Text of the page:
The battle for control of the smartphone universe is shaping up to be a very interesting one, with not one, but two new operating systems about to pit themselves against the likes of Android and iOS.
Earlier this week we learned that Samsung was set to throw its weight behind its new Tizen operating system, tying up a deal with Japan’s NTT Docomo to release the first Tizen-based smartphone later this year. This was followed by an even more intriguing move from Ubuntu – the favorite Linux-based OS for open-source fanatics – which yesterday announced that it too was entering the mobile fray.
Ubuntu developer Canonical unveiled its new interface yesterday, re-imagined for touchscreen devices with a design that borrows aspects from both Android and Windows 8. But where it differs is that Ubuntu doesn’t just run on mobile devices – dock your phone or tablet to a keyboard, mouse and monitor, and it will run the full desktop variant of Ubuntu, powered entirely by your smart device.
It’s not an entirely new concept, as we have seen many hybrid Windows 8 devices that offer similar functionality. But Ubuntu is the first developer to offer a complete desktop and mobile OS in one package. While Windows 8 comes with lots of smart apps, it’s essentially still a desktop-centric OS, and Android, for all its desktop-like features, is still strictly a phone and tablet-based OS.
But will Ubuntu’s system bring enough to the table to make inroads against the major players – iOS, Android and Windows?
Sadly, it probably won’t, but not because of the actual product. The problem is that Ubuntu just faces a massive uphill battle to win over users that are so ingrained into the Android and iOS culture. To be able to carve out a niche in the mobile space, Ubuntu will require a solid user-base and it will need to attract a lively ecosystem of app developers – something that Samsung might be capable of doing with Tizen, but would seem to be beyond Ubuntu’s abilities.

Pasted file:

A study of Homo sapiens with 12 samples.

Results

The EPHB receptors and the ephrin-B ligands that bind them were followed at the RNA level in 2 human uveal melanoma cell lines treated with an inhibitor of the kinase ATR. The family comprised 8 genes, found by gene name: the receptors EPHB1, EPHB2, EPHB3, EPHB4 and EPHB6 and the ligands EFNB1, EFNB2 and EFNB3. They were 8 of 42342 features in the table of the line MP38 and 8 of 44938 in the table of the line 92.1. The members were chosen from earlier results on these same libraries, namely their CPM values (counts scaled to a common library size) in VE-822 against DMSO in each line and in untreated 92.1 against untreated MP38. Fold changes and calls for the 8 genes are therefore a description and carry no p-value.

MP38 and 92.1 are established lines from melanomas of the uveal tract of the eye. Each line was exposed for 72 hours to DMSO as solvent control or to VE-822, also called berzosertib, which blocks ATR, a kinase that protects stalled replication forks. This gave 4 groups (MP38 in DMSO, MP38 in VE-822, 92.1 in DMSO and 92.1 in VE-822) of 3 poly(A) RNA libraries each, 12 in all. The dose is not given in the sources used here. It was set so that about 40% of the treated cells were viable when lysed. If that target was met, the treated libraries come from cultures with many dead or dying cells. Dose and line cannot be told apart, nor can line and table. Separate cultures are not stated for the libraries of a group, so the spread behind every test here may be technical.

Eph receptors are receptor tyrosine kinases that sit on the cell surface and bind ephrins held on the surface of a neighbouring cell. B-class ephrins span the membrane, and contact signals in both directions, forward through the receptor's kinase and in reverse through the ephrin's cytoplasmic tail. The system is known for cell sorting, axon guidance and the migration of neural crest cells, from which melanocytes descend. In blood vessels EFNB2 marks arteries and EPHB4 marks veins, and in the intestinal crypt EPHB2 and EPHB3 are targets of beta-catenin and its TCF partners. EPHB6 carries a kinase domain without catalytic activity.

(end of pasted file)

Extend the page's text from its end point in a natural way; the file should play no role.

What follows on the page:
Realistically, the odds are stacked against Ubuntu. At best, it might be seen as an inexpensive enterprise solution for a handful of cash-strapped companies and start-ups, or something of a plaything for the most enthusiastic of Ubuntu devotees.
This is a shame because Ubuntu could actually be onto something here – the very future of computing. With technology becoming smaller and smaller, and our demands for mobility growing with each and every day, it’s not hard to imagine a future where smartphones will become the central ‘brain’ for all our computing needs, with users simply plugging them in then shoving them in back in their pockets when it’s time to move.
Ubuntu’s solution for mobile and desktop convergence is every bit as valid as the one offered by Windows 8, it’s just unlikely to be one that’ll catch on with Ubuntu leading the charge.